Geology

To understand the geological history of the park, we have to adjust our perspective and think in more abstract terms. The materials that make up these mountains come from sediment located in a large geosyncline, almost the size of an entire region, which existed between the African and Iberian tectonic plates and formed an enormous sea basin during the Mesozoic (from 65 to 251 million years ago) and Cenozoic (from the present day to 65 million years ago) eras. As the crusts of the continents of Europe and Africa moved closer to one another, the mountain ranges were formed by the folding and deformation of undersea material. Sixty-two million years ago the so-called Alpine Orogeny caused mountain ranges such as the Alps and those in the Mediterranean to form, including the mountains that are today located in the natural park.

Within the Baetic Cordillera the natural park lies inside the Prebaetic System, which connects to the geological formations of the central Iberian plateau. The system itself is clearly divided into the Internal Prebaetic and External Prebaetic, a distinction that is defined by the outcropping of materials from the Triassic period uncovered by the Guadalquivir River, the source of the erosion in these mountains.


The Segura Mountains: the Internal Prebaetic

The Internal Prebaetic is mostly made up of the Segura, La Cabrilla and El Pozo mountain ranges and is the part of the continental platform that is furthest from the old continent. The terrain is characterised by successive folds that were caused by a process of tectonic detachment, albeit with extremely marked changes in tectonic and paleogeographic direction. Although there are some outcrops consisting of material from the Jurassic period, those corresponding to the Cretaceous are much more common and are for the most part made up of alternating marl, limestone and dolomite layers.

All these materials indicate that many, many millennia ago this area was home to a shallow marine ecosystem, from which a number of peaks emerged. The basin was deeper towards the southeast, as evidenced by the abundant marine-fossil remains that can be observed in the area. The valleys of the Segura mountains and the northeastern parts of this region also contain Triassic materials, such as red marl and gypsum.


The Cazorla and Las Villas Mountains: the External Prebaetic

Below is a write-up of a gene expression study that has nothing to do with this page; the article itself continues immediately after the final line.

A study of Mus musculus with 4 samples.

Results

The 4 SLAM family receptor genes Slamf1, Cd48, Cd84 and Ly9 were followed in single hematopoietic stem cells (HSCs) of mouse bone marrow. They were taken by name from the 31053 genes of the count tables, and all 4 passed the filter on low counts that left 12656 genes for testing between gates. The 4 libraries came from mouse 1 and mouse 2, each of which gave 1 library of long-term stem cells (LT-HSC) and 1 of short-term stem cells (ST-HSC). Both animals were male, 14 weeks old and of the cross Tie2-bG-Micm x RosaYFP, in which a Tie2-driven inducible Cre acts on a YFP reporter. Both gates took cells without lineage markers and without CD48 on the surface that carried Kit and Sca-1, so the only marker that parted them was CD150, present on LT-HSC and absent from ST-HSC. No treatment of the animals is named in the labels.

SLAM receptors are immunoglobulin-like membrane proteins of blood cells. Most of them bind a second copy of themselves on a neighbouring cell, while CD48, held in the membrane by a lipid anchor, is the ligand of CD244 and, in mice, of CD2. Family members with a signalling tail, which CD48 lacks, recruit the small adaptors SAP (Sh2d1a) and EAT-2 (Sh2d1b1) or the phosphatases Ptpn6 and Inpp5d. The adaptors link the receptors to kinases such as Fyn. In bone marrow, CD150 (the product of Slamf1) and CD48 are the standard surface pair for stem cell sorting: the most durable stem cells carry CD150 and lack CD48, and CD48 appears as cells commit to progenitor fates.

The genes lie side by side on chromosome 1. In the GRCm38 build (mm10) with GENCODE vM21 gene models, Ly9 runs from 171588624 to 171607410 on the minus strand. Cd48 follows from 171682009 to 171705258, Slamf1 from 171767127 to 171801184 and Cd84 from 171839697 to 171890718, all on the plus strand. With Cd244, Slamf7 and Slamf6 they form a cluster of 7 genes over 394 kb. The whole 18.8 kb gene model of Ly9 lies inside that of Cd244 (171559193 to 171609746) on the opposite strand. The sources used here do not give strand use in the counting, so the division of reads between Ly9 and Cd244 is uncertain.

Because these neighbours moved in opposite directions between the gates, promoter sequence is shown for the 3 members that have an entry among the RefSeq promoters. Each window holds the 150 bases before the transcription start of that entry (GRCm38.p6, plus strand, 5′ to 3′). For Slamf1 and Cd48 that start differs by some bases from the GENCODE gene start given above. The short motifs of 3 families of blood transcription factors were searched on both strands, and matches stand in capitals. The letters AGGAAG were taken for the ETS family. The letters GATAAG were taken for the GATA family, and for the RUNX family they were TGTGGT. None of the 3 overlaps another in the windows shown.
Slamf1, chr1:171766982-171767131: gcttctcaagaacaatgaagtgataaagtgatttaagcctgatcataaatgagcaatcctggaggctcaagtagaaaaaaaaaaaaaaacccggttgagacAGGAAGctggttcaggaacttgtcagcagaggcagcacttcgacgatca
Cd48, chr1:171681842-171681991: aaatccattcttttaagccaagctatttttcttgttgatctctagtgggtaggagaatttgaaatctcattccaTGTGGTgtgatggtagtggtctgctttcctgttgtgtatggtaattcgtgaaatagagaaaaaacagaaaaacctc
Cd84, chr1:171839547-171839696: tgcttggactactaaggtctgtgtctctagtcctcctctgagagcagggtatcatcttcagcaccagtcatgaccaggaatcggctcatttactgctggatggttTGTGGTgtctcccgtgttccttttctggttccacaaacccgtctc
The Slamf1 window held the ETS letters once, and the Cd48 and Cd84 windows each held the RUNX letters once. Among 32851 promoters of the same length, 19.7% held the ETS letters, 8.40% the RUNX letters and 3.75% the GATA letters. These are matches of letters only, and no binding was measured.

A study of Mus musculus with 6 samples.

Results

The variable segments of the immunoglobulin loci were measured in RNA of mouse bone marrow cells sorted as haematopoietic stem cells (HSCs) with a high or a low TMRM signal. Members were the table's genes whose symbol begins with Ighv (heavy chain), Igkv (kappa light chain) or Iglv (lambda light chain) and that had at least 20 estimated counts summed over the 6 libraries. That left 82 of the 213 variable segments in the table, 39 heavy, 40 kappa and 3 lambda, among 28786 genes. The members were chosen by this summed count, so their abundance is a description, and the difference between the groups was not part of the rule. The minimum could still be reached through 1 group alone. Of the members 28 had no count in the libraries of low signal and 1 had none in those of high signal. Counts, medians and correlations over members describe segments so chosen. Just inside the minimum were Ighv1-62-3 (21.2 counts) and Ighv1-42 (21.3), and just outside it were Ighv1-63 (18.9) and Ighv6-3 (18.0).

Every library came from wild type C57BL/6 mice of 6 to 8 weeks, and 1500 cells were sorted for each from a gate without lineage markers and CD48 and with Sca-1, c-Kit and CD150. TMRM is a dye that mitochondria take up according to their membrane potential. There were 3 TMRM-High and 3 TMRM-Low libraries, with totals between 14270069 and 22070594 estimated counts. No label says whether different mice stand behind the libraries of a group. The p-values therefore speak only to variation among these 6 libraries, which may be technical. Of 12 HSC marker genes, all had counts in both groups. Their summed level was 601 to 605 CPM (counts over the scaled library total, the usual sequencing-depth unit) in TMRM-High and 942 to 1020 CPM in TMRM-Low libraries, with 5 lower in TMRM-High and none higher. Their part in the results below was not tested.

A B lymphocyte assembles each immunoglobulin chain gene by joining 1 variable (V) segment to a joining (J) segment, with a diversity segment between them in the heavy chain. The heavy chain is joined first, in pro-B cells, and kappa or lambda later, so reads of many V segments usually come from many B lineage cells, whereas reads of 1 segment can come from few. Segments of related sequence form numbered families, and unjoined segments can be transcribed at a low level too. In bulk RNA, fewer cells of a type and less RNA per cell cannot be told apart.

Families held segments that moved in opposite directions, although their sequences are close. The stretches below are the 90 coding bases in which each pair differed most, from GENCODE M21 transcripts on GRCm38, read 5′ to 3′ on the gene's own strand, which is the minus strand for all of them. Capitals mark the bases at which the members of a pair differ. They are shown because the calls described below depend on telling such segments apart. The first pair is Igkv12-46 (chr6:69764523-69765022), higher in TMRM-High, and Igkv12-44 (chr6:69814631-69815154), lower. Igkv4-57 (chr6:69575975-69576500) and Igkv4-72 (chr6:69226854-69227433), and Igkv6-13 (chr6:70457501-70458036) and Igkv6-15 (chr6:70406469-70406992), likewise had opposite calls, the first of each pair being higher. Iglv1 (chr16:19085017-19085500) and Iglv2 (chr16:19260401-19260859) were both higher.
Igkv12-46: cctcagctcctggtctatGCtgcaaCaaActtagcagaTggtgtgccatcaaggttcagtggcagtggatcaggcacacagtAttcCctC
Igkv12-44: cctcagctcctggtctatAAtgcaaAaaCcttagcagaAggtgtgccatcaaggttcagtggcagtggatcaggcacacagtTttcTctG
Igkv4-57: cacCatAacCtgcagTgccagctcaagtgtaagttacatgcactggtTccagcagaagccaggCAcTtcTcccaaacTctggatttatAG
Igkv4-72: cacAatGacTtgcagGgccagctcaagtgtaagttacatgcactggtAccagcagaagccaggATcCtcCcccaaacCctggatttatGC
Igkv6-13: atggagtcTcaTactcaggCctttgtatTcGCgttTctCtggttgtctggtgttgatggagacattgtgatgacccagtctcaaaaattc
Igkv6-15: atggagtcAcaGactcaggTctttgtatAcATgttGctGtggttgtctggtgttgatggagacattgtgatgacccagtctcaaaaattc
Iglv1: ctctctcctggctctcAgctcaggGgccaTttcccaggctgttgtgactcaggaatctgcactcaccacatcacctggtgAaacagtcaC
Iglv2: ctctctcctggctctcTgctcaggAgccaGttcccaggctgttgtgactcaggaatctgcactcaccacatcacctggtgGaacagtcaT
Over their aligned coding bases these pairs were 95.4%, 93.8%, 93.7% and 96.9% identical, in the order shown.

The External Prebaetic is made up of the Cazorla mountains and the four ranges that make up the Las Villas system, in addition to the western section of the Segura mountain range. It is the area that lies closest to the Morena mountain range and the vast plateau of the Spanish Meseta, i.e. the old continent. Jurassic outcrops predominate, particularly dolomites and limestone, with interlayered clay and marl. Few Cretaceous materials are present. Towards the west there are a great many overlapping faults and narrow folds, which give rise to a succession of crests and undulations.


During the Palaeozoic Era (from 251 to 542 million years ago), the great syncline that existed in this region folded in on itself as a result of the Hercynian orogeny. Later, a distinction arose between the central Iberian plateau, which was dominated by erosion, and a series of deposits which were to form the Baetic Cordillera.

The Mesozoic Era (from 65 to 251 million years ago) bore witness to a series of geological events that were of great importance in the history of these mountains, as follows:

  • Triassic Period (from 200 to 251 million years ago): The area was covered by the sea, which led to the creation of clay and sand deposits. At the end of this period the water underwent severe evaporation, which caused lagoons to form and the consequent depositing of materials resulting from the evaporation.
  • Jurassic Period (from 145 to 200 million years ago): A large part of the basin was still covered by the sea. Materials such as dolomites and marl developed, and were raised up towards the end of this period.
  • Cretaceous Period (from 65 to 145 million years ago): Approximately halfway through this period a great marine irruption occurred, forming a number of coral reefs and generating a shallow yet distinctly marine environment. As the water receded, deposits of limestone and dolomites were left behind. During the Cenozoic Era (from the present day to 65 million years ago), the following geological events occurred:
  • Palaeogene Period (from 23 to 65 million years ago): The seawater withdrew, once again leaving lagoons formed by the water accumulated during the preceding period. At the end of the Palaeogene Period a thrust fault occurred towards the northeast, resulting in folding and erosion across the region.
  • Neogene Period (from 2 to 22 million years ago): Another marine irruption occurred, which, more importantly, caused a period of geological instability that led to a sub-baetic thrust fault and Prebaetic folding. This extraordinarily slow process, which continues today, involves the compression of sediment which then deforms, fractures and piles up in tectonic units that eventually rise out of the sea.
  • Quarternary Period (from the present day to 2 million years ago): The current terrain of the park's mountain ranges took shape. The land rose by around 1,000 metres, which boxed in the rivers and caused them to erode a passage through the landscape that led to the present-day configuration of the park, forming the smoother, more compact Segura mountains and the more jagged Las Villas and Cazorlas ranges.

Fossils

As you explore certain areas of the park you may be surprised to come across fossils of bivalve creatures resembling clams. Others you may encounter include ammonites, which lived in the sea between 65 and 240 million years ago and became extinct at the same time as the dinosaurs. Ammonites can be found all over the park and vary greatly in size, with the smallest measuring just 1 cm in diameter and the largest reaching 50 cm.